Mapping the Blackboard Jungle
WHEN POLICE AND SWAT teams respond to a school shooting or other crisis situation, there invariably ensues confusion as they try to envision the layout of the school and deploy personnel.
To address the problem, some proactive schools and police departments are partnering to supply first responders with CDs containing three-dimensional images for use during a crisis. A document by the International Chiefs of Police details the process of creating such a CD.
The document outlines the roles of the chief of police and the project manager (who might be a security consultant, for example), explains the basic steps of digital photography, walks readers through integrating digital images of school floor and site plans, and contains a glossary, a product reference guide, a sample photo log and floor plan, and two case studies.
Two types of imaging methods are available. In the 360-degree lens method, one-shot cameras use mirrors to capture 360-degree images in one frame. Special software “flattens” the image into a panoramic shape. With the photo-stitching method, a panoramic view is created with a film or digital camera, via shooting images in rotation around a single point. Software stitches together the multiple views.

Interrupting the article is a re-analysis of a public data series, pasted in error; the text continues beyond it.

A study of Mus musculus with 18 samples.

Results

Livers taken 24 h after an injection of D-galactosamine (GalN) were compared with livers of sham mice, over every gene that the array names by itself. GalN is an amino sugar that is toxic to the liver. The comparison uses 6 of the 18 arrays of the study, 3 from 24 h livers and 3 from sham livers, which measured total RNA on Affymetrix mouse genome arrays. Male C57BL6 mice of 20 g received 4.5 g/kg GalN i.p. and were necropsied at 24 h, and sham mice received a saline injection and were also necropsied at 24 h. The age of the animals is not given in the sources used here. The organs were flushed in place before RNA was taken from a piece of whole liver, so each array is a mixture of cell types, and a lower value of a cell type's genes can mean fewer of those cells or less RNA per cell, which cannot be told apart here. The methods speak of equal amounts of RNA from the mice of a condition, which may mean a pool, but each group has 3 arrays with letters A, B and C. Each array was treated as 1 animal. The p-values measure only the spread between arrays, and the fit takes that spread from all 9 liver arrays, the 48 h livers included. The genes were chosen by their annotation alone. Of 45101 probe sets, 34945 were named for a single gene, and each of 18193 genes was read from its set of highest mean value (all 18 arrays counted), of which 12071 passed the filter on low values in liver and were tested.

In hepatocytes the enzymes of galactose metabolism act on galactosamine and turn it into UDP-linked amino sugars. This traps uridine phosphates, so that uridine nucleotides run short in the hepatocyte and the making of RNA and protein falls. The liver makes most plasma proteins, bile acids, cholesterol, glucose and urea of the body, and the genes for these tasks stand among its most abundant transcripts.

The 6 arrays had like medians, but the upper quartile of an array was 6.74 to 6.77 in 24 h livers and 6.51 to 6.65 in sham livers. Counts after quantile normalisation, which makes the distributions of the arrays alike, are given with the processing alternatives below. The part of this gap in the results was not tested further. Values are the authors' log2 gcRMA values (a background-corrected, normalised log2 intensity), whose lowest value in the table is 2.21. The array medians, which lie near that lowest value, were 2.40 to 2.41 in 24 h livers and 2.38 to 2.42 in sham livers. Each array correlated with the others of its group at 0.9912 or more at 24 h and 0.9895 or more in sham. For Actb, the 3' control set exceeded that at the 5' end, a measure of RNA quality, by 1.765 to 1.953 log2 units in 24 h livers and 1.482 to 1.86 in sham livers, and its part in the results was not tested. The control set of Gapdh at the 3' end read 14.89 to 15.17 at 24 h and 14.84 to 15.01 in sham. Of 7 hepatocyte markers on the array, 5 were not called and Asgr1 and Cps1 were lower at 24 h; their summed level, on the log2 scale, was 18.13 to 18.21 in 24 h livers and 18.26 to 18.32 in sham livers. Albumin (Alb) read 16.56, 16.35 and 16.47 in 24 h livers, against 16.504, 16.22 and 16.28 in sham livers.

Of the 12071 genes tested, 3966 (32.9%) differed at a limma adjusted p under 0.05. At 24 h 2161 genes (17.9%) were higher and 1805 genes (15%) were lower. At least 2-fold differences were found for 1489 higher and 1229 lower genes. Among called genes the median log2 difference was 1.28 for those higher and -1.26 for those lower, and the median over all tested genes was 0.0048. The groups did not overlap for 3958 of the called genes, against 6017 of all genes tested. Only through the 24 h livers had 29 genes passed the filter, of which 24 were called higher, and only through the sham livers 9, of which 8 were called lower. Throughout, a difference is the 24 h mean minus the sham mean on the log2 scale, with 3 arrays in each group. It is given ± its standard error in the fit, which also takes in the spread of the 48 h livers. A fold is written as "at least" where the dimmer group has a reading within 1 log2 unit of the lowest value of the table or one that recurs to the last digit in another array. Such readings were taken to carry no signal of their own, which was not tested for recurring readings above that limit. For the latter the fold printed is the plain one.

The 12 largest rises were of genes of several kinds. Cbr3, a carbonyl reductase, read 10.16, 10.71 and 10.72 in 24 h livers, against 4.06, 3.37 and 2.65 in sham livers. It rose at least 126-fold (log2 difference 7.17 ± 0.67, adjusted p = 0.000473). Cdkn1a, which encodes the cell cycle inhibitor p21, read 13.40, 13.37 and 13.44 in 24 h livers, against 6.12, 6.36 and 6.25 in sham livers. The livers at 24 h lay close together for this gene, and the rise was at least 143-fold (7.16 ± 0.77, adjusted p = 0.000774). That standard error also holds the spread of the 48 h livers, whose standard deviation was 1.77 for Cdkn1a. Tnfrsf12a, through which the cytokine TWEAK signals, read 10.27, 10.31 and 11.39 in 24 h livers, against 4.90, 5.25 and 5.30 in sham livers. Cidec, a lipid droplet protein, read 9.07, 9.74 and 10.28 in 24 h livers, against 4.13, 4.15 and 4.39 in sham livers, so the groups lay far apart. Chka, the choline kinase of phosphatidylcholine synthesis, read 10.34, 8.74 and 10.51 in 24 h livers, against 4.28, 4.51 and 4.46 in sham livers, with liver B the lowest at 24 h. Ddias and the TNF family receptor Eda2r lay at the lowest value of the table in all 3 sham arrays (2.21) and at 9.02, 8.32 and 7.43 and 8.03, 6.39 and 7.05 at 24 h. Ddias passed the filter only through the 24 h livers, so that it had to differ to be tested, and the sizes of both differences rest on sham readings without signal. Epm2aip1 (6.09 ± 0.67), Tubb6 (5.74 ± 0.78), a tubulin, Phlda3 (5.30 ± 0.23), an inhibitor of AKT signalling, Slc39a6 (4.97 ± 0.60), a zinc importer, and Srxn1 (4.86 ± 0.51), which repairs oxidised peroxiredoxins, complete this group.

Several tips ensure that the project will canvass every view. For instance, the paper advises photographing the corners of the building “for a perspective from adjacent sides in relation to one another… as well as hidden alcoves, inner courtyards, or other smaller areas outside the building that may otherwise be missed….”
When it comes time to integrate the images onto a CD, the document offers several software options for image viewing, image editing, computer-aided design, Web page development, and Internet browsers.